Accountants are known for poring over the books of their clients’ businesses, but what happens when the tables turn? This is one question NatWest tries to answer each year when it commissions a report looking at the financial health of accountancy firms with revenues below £35m. Now in its third year, the Accountancy Benchmarking Report 2019, authored by Robert Mowbray, owner of Taylor Mowbray, reveals some reassuring trends in a sector affected by the uncertainty of Brexit and changing market dynamics.
For NatWest head of professional services, David Weaver, the survey reflects a strengthening sector, in spite of the economic chill. “In a year when Brexit has continued to dominate our thoughts,” he says, “it is pleasing to see that, despite a number of headwinds, the accountancy sector continues to perform well and demonstrate growth both in terms of fee income and more importantly profitability.”
The report examines such practice fundamentals as fee income, profits and drivers of profit, lock-up and working capital, as well as finance more generally. One headline finding is that median fee per equity partner stands at £649,000 in 2018 – almost £100,000 higher than in the 2017 survey. But beyond this particular top-line performance, there are questions about what has happened to another: fees per fee earner. This figure has dipped from an average of £108,000 in 2017 to £80,000 in 2018, raising concerns about productivity as well as profits.
Over the same period the median profit per equity partner has increased from £141,000 to £150,000 – a 6% increase. In a time of uncertainty, such performance well above inflation does tend to support the view that accountants prosper during times of economic ill-health. Perhaps it’s no surprise that the sector compares favourably to legal firms, where profit per equity partner is £22,000 lower than among accountants. This can be partly explained by accountants pushing more work to junior staff at lower rates – a practice which is less prevalent among legal firms, where there is less depth to the typical team structure.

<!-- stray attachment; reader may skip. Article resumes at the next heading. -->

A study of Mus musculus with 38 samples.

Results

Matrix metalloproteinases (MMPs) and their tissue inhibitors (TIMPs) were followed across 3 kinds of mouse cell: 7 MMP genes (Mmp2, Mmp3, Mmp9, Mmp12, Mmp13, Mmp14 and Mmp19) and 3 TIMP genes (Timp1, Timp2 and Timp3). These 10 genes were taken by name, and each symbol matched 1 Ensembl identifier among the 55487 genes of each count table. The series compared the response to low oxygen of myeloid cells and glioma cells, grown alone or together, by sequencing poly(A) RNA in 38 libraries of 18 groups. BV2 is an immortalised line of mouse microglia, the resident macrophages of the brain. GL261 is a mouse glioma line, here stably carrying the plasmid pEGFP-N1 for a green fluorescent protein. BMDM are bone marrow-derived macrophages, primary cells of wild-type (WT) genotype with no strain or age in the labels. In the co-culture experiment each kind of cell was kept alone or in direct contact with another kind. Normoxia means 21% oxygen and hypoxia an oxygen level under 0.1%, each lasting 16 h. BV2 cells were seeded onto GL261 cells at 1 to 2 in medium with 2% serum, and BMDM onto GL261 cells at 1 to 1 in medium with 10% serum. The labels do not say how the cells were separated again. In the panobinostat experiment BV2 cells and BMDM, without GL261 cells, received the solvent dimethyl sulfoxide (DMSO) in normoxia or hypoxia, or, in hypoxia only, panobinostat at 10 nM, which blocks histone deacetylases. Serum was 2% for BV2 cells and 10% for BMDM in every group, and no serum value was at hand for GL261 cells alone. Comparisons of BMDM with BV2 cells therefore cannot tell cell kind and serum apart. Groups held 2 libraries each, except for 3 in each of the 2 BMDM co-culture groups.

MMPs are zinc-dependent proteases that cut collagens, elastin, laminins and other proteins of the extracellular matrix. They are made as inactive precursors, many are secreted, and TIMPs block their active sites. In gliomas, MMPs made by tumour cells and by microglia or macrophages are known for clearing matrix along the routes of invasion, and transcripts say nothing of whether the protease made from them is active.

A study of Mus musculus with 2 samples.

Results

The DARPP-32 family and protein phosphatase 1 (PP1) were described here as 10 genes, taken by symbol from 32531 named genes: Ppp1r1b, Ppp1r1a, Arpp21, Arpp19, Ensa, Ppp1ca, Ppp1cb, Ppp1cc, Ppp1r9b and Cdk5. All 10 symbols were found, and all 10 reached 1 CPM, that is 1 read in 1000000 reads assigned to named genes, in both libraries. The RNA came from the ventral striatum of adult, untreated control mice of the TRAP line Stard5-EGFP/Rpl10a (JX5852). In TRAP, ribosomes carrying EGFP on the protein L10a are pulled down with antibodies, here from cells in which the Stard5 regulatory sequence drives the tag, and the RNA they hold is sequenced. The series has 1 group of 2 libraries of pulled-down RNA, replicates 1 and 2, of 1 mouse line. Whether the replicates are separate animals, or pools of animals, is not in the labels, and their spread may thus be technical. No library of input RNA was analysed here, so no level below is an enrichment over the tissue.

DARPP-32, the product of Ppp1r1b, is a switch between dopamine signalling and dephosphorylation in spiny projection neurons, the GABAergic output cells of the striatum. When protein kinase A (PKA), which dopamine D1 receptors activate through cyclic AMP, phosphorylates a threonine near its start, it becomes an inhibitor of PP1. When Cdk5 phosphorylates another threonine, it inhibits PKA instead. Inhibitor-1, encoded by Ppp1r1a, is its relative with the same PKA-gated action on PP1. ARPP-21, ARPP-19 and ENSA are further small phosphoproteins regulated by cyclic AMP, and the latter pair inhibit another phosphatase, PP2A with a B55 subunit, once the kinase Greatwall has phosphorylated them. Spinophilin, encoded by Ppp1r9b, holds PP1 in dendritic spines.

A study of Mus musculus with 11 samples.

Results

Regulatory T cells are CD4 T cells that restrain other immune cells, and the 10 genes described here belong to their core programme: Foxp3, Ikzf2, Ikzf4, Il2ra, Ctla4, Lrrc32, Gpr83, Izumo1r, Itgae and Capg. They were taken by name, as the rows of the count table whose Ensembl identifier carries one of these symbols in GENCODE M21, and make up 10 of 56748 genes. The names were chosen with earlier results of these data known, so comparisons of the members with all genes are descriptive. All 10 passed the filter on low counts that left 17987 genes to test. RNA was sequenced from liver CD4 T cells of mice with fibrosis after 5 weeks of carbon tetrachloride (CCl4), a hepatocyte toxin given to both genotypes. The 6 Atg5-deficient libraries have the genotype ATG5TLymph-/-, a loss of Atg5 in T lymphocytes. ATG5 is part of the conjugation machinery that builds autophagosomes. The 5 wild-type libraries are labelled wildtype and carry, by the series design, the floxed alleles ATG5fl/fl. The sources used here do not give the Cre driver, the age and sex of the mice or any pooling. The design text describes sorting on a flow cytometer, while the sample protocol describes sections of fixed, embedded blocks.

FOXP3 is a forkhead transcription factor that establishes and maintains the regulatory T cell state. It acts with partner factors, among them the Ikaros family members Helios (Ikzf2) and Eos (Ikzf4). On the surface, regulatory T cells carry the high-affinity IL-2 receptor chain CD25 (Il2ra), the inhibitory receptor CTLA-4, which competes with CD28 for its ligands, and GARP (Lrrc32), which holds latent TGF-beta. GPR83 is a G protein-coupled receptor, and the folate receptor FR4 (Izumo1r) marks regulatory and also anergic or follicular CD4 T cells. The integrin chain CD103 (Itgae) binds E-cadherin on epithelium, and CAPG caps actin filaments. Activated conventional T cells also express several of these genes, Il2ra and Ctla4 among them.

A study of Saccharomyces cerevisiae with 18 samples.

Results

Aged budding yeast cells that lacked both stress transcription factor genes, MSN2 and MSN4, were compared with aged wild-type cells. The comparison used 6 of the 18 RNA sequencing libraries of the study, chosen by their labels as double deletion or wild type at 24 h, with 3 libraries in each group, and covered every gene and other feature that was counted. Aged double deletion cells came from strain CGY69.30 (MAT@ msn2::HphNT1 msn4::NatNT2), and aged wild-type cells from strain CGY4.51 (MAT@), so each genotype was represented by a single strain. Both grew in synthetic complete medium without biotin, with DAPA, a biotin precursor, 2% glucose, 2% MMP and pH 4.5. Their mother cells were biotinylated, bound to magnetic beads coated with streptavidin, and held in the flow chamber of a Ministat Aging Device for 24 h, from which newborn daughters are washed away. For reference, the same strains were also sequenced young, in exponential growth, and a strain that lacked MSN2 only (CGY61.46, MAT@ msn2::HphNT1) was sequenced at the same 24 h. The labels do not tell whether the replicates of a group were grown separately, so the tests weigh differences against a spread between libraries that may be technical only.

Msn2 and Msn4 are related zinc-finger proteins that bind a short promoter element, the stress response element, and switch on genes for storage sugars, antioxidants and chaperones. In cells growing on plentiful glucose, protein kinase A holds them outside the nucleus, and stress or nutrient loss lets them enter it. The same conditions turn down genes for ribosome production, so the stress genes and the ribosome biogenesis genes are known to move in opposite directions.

But this report is about more than making accountants feel good about the sector’s strengths, as Weaver explains: “When I meet legal and accountancy firms across the UK I am often asked ‘How does our firm’s performance compare to others you meet?’ In order to answer this question we are able to draw upon data and survey responses of a significant number of our customers who operate in the accountancy sector.”
And for firms that suspect their size and geographic location has a heavy influence on their performance, the details of the report offer some comfort. “Our findings provide highly valued insight comparing the financial performance of local and national peers,” adds Weaver. “We believe firms can employ this report to target areas of improvement to enhance profitability and working capital management.”
One of these areas, suggests the report’s author Robert Mowbray, is the extent to which better software and cloud services can be used to reduce costs. To this end, he says, “Firms need to focus on productivity and invest in their staff and technology, so that the best people are not enticed away and so that they can deliver sustainably profitable services.”
Another, connected issue, is attracting talent in the first place. Mowbray explains: “It is not getting any easier, as there are now other sectors developing with high rates of pay that provide interesting work to talented people.” But with accountants wary of how promotion to partner may impact on work/life balance, even succession is trickier than it has been in the past. But help is at hand, as Weaver is eager to point out. “NatWest remains committed to supporting accountancy firms in developing a successful and sustainable business,” he says. “Our specialist relationship directors understand the professional services sector and benefit from accredited training and regular sector updates. So please do get in touch.”
To download the full version of the report, click here.